Tom O'Leary Dec 12
Grapes boost farm’s bottom line
Grapes are proving the big winners on Phillip and Sheryl Neal’s Motukawa Farm in Marlborough, despite the farm’s Highlander Flock performing well. Arable crops grown include 6ha of garlic and onion, 6ha of sweet corn and 8ha of pumpkin grown for seed.

Motukawa Farm in Marlborough is a highly diversified operation owned by Phillip and Sheryl Neal.

In addition to mixed arable cropping, sheep meat, wool and wine are end-user products which start their life on the 180-hectare Rapaura property. But it is grape plantings that are increasingly boosting the farm’s bottom line.

Philip took over the property as a sheep and arable farm from his father in 1962, long before the possibility of large-scale viticulture in the area was seriously considered.

The area of arable crop has expanded as dripline irrigation has increased, while sheep numbers have decreased.

The Neals are currently growing 6ha of sweet corn, 6ha of beans, 8ha of pumpkin (for seed) and 6ha of garlic and onion. In 1980 they planted their first grapes in the days of the region’s emerging wine industry.

Montana planted its first vineyards in the region in 1973 when cask wine and cheap bubbly were the norm for New Zealand’s then largely uneducated wine drinkers.

Following the large land purchase by Montana in 1973, restrictions were imposed by the Marlborough County Council on where grapes could be planted, Phillip says.

“Until 1978 you weren’t allowed to plant grapes on this side of the Wairau valley; it was in the district plan.”

A hard-fought challenge to the district plan by the Neals’ neighbours, Phil and Chris Rose, forged the way for grapes to be grown in other areas, including Rapaura.

Establishing the vines on Motukawa Farm was challenging as viticulture was a pioneer industry in Marlborough, says Phillip. This and the emergence of phylloxera, a sap-sucking aphid that destroyed grape vines, resulted in Motukawa’s vines having to be replanted three times.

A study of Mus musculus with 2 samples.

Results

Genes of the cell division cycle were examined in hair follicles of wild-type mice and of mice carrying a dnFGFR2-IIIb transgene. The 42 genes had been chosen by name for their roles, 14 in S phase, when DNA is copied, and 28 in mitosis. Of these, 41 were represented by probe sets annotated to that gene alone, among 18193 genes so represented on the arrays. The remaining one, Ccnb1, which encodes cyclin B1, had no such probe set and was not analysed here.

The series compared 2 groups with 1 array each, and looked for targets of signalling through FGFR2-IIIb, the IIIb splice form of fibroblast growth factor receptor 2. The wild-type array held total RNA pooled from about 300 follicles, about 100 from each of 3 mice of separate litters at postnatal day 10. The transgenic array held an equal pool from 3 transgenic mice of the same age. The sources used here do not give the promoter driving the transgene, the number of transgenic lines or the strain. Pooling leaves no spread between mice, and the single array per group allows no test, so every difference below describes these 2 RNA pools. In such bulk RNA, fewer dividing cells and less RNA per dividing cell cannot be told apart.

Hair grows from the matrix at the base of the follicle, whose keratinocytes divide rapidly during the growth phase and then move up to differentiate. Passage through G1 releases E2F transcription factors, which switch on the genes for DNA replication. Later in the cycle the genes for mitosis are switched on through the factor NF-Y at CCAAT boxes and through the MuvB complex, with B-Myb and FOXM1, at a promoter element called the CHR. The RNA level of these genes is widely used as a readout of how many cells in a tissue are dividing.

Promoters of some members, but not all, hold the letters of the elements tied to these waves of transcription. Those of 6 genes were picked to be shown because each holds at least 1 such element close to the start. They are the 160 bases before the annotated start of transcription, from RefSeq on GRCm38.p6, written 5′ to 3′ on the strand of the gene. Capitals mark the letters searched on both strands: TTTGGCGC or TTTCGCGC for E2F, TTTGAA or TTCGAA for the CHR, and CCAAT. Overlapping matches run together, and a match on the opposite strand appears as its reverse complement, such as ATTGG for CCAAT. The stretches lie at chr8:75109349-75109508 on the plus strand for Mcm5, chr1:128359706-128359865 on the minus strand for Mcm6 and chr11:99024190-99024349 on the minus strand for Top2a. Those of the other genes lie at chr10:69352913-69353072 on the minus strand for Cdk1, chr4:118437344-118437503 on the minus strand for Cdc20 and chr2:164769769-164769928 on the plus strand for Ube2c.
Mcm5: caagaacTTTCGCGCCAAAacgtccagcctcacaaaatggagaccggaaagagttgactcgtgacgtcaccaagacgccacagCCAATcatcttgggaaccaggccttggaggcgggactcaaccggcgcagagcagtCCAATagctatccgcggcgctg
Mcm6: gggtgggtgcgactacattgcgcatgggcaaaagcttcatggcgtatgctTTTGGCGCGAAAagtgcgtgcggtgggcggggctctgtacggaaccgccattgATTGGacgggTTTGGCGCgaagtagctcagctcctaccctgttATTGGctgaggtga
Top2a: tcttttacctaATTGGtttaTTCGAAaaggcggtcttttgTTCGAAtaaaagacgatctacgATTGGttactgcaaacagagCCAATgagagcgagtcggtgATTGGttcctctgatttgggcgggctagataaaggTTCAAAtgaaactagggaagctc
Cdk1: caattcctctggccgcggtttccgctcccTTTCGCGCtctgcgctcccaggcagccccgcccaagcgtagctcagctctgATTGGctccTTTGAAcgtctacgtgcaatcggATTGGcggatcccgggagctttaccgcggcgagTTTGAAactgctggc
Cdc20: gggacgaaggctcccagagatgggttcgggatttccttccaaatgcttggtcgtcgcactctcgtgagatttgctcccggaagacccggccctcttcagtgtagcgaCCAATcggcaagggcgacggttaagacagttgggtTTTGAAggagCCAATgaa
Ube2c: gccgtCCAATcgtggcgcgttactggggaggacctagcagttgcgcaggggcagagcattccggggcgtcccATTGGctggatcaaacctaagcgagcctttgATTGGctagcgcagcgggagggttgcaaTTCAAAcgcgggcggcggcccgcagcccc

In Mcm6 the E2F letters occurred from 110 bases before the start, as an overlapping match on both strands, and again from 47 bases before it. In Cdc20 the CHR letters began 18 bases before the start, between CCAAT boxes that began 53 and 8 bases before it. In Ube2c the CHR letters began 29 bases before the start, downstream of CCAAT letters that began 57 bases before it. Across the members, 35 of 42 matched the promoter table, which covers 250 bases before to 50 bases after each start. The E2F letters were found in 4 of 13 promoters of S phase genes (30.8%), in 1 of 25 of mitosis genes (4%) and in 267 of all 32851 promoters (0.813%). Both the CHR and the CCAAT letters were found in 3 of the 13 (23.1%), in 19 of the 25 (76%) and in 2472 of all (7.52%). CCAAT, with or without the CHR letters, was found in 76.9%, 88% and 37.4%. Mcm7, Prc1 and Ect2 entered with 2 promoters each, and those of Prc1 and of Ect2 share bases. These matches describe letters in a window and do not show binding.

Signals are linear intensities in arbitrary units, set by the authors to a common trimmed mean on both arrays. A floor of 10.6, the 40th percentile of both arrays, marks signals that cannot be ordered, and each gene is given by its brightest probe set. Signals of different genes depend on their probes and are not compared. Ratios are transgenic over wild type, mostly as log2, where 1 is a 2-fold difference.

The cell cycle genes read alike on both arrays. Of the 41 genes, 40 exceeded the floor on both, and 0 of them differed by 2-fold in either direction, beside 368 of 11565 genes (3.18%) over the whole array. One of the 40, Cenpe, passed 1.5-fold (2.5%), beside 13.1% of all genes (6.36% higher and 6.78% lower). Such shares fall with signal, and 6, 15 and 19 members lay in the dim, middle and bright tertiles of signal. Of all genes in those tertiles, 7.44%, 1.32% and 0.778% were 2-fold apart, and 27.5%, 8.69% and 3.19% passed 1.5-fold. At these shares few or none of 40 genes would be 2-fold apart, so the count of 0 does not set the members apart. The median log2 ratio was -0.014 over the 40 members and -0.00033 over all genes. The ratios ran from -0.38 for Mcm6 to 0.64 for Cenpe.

Grapes boost farm’s bottom line

However, over time the Neals’ shift from sheep into viticulture proved a no-brainer. “Economically there’s no question; it’s so far ahead of anything else,” says Phllip.

He estimates the gross return on growing grapes to be 10 times that of farming sheep, with the net return even higher.

Consequently grapes are winning hands down against sheep meat and wool, despite the farm’s highlander flock performing well, scanning 190% and lambing at 160% to 170%.

Grapes from the 1980 plantings were initially sold to Corbans, but have been contracted to nearby wine producer Cloudy Bay, one of the pioneers of the Marlborough wine industry, for more than 30 years.

Phillip outlines the deal: “As (the vines) mature, after two years when the grapes establish, Cloudy Bay takes over the management; I pay a management fee, they pay me per hectare, so on those blocks I don’t have any agricultural risk and I get a good return.”

With viticulture thriving and retirement looming, more of the farm is being planted in grapes. Grapes are now grown on 70ha; 65ha of sauvignon blanc and the balance chardonnay.

In August this year a further 11.5ha of vines was planted, and the sheep flock dwindled further. “I’m down to 800 breeding ewes,” says Phillip.

“Over the next seven years, the rest of the farm, at this stage, will gradually be going into grapes.” He says he enjoys growing grapes.

“There’s a lot of satisfaction in growing a premium product. You could argue that the best sauvignon blanc comes from Marlborough, and it’s good to be part of that.”